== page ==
I don’t for a minute pretend to compare myself with the great Dr. W Edwards Deming; far from it; rather, like most lean practicianers I walk in his large footsteps. Nor do I really know that much about his personal history. The story is that his message largely fell on deaf ears at home in the USA so he spent his years in Japan where he was held in higher esteem and found a loyal following. It is that part of the Deming story that resonates with me as I enter my third week preaching and teaching lean in New Zealand.
Over the last few weeks I have met with and come to know quite a bit about six companies that are well on their lean journeys. One of them makes a product based on a distinctly New Zealand natural resource. The other five make products that can be (and are) made in the United States, Europe, China … just about everywhere.
All five are solid and profitable – four of them largely because of their strong sales in the United States. Let’s put that into perspective. The port at Auckland is 6,500 miles from the port at Long Beach – just a shade further than Shanghai is from Long Beach. The average working man in the New Zealand factory I visited makes about $15US an hour. So these manufacturers pay US-type wages, have China-type logistical disadvantages – and still grow their profits by selling into the United States winning head to head battles with both US and Chinese competitors.
… and they invite me to their country and their factories because they want to get even better.
I am happy to be here and to help them. New Zealand is a great country, a staunch ally and as committed to freedom and human rights as anyone. There is nothing unpatriotic about helping them succeed; and these are great people to work with. But just the same, they only succeed because their American competitors are mismanaged; and I am a bit embarrassed and frustrated that manufacturers in my own country allow this to happen.
As a rule, a lean Kiwi manufacturer provides six week lead times into the USA – a week to make the product and get it to the port, then four weeks on the water and a week overland to the destination. That is not a problem, for the most part, because their US competitors have comparable lead times – the difference is that the US company lead times is almost all manufacturing time.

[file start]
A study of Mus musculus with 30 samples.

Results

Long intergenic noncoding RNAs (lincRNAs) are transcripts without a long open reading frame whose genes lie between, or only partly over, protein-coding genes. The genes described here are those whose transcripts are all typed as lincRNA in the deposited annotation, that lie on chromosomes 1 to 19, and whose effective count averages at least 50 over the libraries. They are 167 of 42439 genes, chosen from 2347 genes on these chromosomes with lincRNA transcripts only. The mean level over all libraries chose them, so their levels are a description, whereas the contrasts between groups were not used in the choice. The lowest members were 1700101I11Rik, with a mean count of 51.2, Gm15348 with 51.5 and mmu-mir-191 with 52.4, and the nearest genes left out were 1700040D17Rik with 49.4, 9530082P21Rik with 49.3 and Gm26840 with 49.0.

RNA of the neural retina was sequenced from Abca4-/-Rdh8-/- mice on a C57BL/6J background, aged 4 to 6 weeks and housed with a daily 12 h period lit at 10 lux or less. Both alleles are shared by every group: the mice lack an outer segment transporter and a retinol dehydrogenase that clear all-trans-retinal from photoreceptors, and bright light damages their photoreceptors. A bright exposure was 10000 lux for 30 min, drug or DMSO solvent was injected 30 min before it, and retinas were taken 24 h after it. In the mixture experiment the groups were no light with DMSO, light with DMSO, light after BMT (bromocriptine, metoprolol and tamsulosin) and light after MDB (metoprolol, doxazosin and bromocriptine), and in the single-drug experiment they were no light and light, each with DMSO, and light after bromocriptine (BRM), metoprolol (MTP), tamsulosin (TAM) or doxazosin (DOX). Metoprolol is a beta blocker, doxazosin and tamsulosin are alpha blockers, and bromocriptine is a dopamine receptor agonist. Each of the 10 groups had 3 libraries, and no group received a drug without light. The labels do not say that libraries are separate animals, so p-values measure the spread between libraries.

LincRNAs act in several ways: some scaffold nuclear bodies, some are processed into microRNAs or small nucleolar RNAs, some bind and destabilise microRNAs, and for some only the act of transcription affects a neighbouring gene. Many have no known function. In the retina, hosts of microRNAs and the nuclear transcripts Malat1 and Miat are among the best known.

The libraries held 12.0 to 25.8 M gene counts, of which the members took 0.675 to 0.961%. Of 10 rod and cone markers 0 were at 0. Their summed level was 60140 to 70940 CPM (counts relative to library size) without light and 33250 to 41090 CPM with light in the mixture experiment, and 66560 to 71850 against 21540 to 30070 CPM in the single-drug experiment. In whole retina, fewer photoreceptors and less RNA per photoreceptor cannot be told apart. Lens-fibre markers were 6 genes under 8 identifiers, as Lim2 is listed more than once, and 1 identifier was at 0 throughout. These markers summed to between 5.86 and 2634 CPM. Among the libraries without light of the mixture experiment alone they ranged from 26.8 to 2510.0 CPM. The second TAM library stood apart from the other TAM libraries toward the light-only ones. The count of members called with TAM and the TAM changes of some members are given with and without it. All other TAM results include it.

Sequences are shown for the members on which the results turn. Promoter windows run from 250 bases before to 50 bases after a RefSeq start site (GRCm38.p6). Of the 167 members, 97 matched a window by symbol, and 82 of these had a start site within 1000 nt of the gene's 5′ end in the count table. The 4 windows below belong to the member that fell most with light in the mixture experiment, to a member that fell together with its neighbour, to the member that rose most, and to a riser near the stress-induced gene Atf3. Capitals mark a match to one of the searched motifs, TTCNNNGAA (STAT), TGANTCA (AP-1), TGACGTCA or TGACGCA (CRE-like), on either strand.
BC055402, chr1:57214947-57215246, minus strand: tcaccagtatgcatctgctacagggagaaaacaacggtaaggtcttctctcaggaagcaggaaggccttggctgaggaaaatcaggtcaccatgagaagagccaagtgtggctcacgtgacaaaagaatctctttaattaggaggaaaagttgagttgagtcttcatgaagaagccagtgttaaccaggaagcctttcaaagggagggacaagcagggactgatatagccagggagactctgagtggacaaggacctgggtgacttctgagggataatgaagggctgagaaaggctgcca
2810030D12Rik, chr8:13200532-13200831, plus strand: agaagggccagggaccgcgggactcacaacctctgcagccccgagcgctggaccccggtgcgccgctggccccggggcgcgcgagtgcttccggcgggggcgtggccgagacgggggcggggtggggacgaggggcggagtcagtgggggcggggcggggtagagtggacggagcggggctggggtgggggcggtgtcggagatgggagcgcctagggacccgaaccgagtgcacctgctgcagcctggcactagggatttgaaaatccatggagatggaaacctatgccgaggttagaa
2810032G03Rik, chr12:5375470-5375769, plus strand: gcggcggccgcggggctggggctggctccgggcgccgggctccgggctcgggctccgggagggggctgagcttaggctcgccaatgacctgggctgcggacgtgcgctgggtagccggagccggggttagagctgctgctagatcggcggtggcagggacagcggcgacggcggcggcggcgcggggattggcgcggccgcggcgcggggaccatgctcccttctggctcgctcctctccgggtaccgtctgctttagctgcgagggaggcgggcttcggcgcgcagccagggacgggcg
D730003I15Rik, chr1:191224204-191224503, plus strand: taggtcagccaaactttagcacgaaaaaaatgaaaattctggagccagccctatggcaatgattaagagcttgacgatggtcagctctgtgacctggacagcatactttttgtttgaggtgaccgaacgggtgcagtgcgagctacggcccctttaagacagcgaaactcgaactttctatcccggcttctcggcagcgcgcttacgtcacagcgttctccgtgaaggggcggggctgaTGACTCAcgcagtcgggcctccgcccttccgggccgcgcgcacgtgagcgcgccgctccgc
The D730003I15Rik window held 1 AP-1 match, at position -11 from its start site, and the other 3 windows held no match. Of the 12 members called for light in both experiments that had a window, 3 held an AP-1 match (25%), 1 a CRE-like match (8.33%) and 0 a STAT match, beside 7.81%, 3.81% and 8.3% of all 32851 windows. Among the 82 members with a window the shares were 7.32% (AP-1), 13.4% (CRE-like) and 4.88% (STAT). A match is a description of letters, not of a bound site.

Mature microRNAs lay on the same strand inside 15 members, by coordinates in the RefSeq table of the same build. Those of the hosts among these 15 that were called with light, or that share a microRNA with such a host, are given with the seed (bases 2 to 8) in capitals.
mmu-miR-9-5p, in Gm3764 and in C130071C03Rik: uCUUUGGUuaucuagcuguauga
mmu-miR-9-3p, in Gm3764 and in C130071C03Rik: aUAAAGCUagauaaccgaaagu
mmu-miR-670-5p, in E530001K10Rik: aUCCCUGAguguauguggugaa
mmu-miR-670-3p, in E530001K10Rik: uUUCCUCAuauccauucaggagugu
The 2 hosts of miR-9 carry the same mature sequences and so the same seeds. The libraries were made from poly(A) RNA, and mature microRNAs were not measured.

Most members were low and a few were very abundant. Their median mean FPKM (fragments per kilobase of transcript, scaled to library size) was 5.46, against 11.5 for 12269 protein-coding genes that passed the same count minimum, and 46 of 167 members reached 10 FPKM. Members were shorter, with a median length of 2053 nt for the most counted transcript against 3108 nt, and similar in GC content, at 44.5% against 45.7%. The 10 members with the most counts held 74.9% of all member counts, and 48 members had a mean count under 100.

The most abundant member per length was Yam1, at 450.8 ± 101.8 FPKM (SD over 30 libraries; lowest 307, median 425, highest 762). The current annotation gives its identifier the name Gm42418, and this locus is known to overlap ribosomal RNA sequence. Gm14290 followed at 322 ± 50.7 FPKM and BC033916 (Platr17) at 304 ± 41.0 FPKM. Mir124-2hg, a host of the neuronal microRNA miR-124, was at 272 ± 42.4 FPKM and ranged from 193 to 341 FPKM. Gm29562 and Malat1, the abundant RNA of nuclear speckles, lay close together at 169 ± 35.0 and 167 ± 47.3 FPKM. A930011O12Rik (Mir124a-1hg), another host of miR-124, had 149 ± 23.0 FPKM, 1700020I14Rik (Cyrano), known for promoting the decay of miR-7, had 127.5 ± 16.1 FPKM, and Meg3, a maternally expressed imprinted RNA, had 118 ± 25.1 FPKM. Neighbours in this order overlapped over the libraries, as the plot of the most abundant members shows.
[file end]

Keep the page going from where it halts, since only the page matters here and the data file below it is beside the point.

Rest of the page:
They beat their Chinese competitors by avoiding the race to the bottom and providing quality and reliability at US standards, rather than Chinese. They operate in a country with first world financial institutions, regulations, health and safety laws, environmental standards, intellectual property protection and the rest … and have the cost structures that go along with all of that.
I am here simply because their US competitors haven’t called me – or apparently anyone else like me. I can envision their competition – offering excessive lead times (because that is just the way it has to be in their industry – lean doesn’t apply to them because they aren’t like Toyota) – and marginal quality (because there is a limit to how good quality can be before it is prohibitively expensive) – relentlessly beating on their direct labor (because it is the only way they can compete with China) – and griping long and loud about taxes, the government and everyone else. And all the while losing business to New Zealanders, of all the unlikely people.
Finally, lest anyone think I have become brainwashed during my stay, I offered up a similar rant against the Kiwi’s last week because one of my US clients makes good money selling its products into New Zealand, and it has no business doing so. The product it sells could and should be made here but for the mediocrity of its New Zealand competition.
Excellence (and its opposite) know no global boundaries.